Some nights, when Connor McDavid’s really dialed in, his highlight reel resembles a Cirque du Soleil show. A generational talent with an entertainer’s skill set, McDavid is a high-flying circus act in the absolute best possible way.
Conversely, seeing Patrice Bergeron do his thing for a full NHL game is akin to watching a woodworker construct and assemble a custom table from scratch.
You won’t gasp in awe as Bergeron stretches out to eliminate a passing lane on the penalty kill. You won’t jump out of your seat as the Boston Bruins captain applies back pressure on the power play. You won’t bat an eye as the perennial Selke Trophy candidate wins a neutral-zone faceoff at even strength.
By the end of the game, though, you will appreciate Bergeron and his craftsmanship. Like the woodworker drilling perfect holes for the table legs or sanding the tabletop flawlessly smooth, Bergeron is meticulous and efficient. His superpower isn’t speed or puck skills; it’s his attention to detail.
There’s been plenty of digital ink spilled this season on the individual accomplishments of McDavid, Jonathan Huberdeau, Leon Draisaitl, Auston Matthews, and Roman Josi. The hype is warranted, too; these offensive dynamos have raised the league-wide scoring rate to a 25-year high.
With less fanfare, Bergeron has put on a show of his own. At 36 years old, the Bruins’ longest-tenured player and first-line center is the clear front-runner for the Selke Trophy, which is awarded annually to the forward who “best excels in the defensive aspects of the game.” If Bergeron receives a finalist nod, it’ll be the 11th straight year (!) He’s finished in the top three in voting. If he wins, he’ll break away from Bob Gainey and stand alone in hockey history with five Selke honors.
As usual, what makes Bergeron’s case compelling is the strong correlation between the eye test and his underlying numbers. His unrelenting motor, exemplary positioning, ability to force turnovers, and prowess in the faceoff circle – smaller details that frustrate opponents – also show up in the data.
With Bergeron on the ice at five-on-five, the 2021-22 Bruins have suppressed shot attempts, shots on goal, goals, and expected goals at elite levels. So elite, in fact, that Bergeron’s on-ice defensive metrics tower over the 239 other forwards who’ve logged 700 minutes or more at five-on-five this season.
Seriously, Bergeron’s in the 96th-to-100th percentile in all four categories:
There’s no doubt Bergeron benefits from skating alongside stars. Brad Marchand has been on his wing for 621 of 771 five-on-five minutes. His next most common wingers – David Pastrnak, 362 minutes; Craig Smith, 192 – are no slouches. Yet the degree to which the ice tilts in Boston’s favor when Bergeron’s between the boards, no matter his linemates, is staggering.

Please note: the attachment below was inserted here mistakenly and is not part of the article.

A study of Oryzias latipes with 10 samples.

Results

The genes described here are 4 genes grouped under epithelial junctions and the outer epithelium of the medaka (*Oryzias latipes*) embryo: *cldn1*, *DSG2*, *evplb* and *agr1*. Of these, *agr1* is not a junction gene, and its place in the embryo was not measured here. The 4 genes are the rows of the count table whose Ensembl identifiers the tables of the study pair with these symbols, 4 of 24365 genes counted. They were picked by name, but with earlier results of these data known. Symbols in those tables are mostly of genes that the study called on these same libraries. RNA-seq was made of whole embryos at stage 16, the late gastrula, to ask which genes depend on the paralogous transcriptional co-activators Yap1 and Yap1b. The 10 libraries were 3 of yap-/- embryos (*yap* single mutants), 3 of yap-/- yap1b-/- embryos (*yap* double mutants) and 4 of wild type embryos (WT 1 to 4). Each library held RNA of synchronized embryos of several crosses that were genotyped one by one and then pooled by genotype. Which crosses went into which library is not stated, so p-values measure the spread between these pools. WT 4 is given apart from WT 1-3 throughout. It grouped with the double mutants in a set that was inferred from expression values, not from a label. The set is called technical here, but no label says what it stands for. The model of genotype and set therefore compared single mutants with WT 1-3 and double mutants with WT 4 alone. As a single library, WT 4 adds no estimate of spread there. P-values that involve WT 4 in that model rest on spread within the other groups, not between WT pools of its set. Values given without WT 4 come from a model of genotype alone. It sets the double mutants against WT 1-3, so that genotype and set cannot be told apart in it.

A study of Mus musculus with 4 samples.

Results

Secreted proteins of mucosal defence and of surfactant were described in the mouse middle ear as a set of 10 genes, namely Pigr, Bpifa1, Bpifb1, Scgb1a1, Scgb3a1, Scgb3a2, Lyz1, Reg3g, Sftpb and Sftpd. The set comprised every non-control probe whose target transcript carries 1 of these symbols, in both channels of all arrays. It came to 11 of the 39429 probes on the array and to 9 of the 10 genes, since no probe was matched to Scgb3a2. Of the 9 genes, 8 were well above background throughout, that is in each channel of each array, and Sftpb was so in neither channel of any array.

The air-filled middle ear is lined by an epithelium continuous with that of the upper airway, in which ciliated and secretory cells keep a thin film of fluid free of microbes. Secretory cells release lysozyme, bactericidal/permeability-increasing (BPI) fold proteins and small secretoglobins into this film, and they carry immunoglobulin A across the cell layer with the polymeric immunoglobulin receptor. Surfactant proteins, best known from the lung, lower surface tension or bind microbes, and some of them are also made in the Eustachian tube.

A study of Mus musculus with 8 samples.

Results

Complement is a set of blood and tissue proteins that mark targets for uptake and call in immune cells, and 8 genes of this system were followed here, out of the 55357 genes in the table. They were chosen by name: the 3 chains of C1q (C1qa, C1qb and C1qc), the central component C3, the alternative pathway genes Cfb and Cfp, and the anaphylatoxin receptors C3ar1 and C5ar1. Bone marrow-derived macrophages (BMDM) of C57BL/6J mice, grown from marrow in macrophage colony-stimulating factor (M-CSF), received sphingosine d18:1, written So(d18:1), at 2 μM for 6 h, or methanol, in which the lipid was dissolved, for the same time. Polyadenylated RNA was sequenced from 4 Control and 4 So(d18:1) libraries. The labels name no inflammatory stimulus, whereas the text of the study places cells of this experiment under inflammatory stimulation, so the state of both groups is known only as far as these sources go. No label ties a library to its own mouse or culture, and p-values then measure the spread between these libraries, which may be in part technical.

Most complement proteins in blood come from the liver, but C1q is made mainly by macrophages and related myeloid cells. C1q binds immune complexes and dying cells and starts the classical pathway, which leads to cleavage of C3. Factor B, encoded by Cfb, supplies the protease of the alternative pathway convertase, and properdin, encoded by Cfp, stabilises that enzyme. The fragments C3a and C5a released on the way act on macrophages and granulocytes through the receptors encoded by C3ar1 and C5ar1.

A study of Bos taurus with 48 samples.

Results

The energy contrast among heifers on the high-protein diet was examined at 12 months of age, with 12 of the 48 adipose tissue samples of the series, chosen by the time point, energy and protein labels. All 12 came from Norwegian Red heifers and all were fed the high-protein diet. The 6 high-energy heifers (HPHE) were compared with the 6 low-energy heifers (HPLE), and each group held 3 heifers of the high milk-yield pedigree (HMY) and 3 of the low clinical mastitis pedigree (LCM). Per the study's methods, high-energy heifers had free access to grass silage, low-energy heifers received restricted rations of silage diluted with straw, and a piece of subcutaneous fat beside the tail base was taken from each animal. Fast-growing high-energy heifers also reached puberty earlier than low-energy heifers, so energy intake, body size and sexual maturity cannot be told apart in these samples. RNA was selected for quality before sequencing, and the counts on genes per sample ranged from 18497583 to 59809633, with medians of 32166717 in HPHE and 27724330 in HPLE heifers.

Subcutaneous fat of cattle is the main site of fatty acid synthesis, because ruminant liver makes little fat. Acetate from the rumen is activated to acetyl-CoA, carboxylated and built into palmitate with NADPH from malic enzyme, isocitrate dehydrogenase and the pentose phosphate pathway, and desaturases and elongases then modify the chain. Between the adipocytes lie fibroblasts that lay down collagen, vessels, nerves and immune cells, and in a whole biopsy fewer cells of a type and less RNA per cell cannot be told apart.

Case in point: Bergeron ranks first among all NHLers – minimum 700 five-on-five minutes – in Corsi For Percentage Relative, according to Natural Stat Trick. It’s a metric that aims to measure the gap in shot share when a player’s on the ice versus when he’s off it. The Bruins, generally an above-average possession team, see their share of attempts jump by a whopping 15.1% when Bergeron is patrolling all three zones. (For context, McDavid’s at 6.4%.)
The stats suggest offenses typically go from generating a decent amount of scoring chances against the Bruins to almost none once No. 37 steps onto the ice. Bergeron kills that many opportunities.
Talking strictly goals for and against, Boston has potted 41 and allowed 22 with Bergeron on the ice at five-on-five. That’s a 65% goal share. (In all situations, they’re even better: 86 for, 41 against, or a 68% share.) Bergeron, who averages 18:18 of ice a night, largely against the opposition’s top players, is also a key contributor to the NHL’s eighth-ranked penalty kill.
Of course, Bergeron’s gaudy underlying numbers are old news. He’s been a dominant NHLer for a decade. What’s special about 2021-22 is that he’s on pace to set new personal bests in several defensive metrics despite being in his mid-30s and while contributing 54 points in 62 games. To boot, he’s plus-334 in the faceoff circle for a league-leading 62.4% success rate.
Bergeron, a second-round pick of the Bruins in 2003, has never been fleet of foot. His so-so skating is offset by his next-level intelligence, hand-eye coordination, and stamina. Nobody plays mistake-free hockey, but he’s close.
Marchand has written that former Bruins coach Claude Julien once told him to “look at Patrice and do everything exactly like he does it. You’re not going to be the best player on the ice every single night, because Patrice is going to be the best player on the ice every single night. So, I want you to be the second-best. “
Watching Bergeron do his thing, with a Stanley Cup, four Selkes, and nearly 1,400 total NHL games to his name, you can’t help but wonder if we’re witnessing arguably the greatest defensive forward of all time play the best defensive hockey of his career. At 36. In what’s possibly his final season.
The answer may be “yes.” At worst, he’s crafted a bulletproof Selke case.
John Matisz is theScore’s senior NHL writer. Follow John on Twitter (@MatiszJohn) or contact him via email (firstname.lastname@example.org).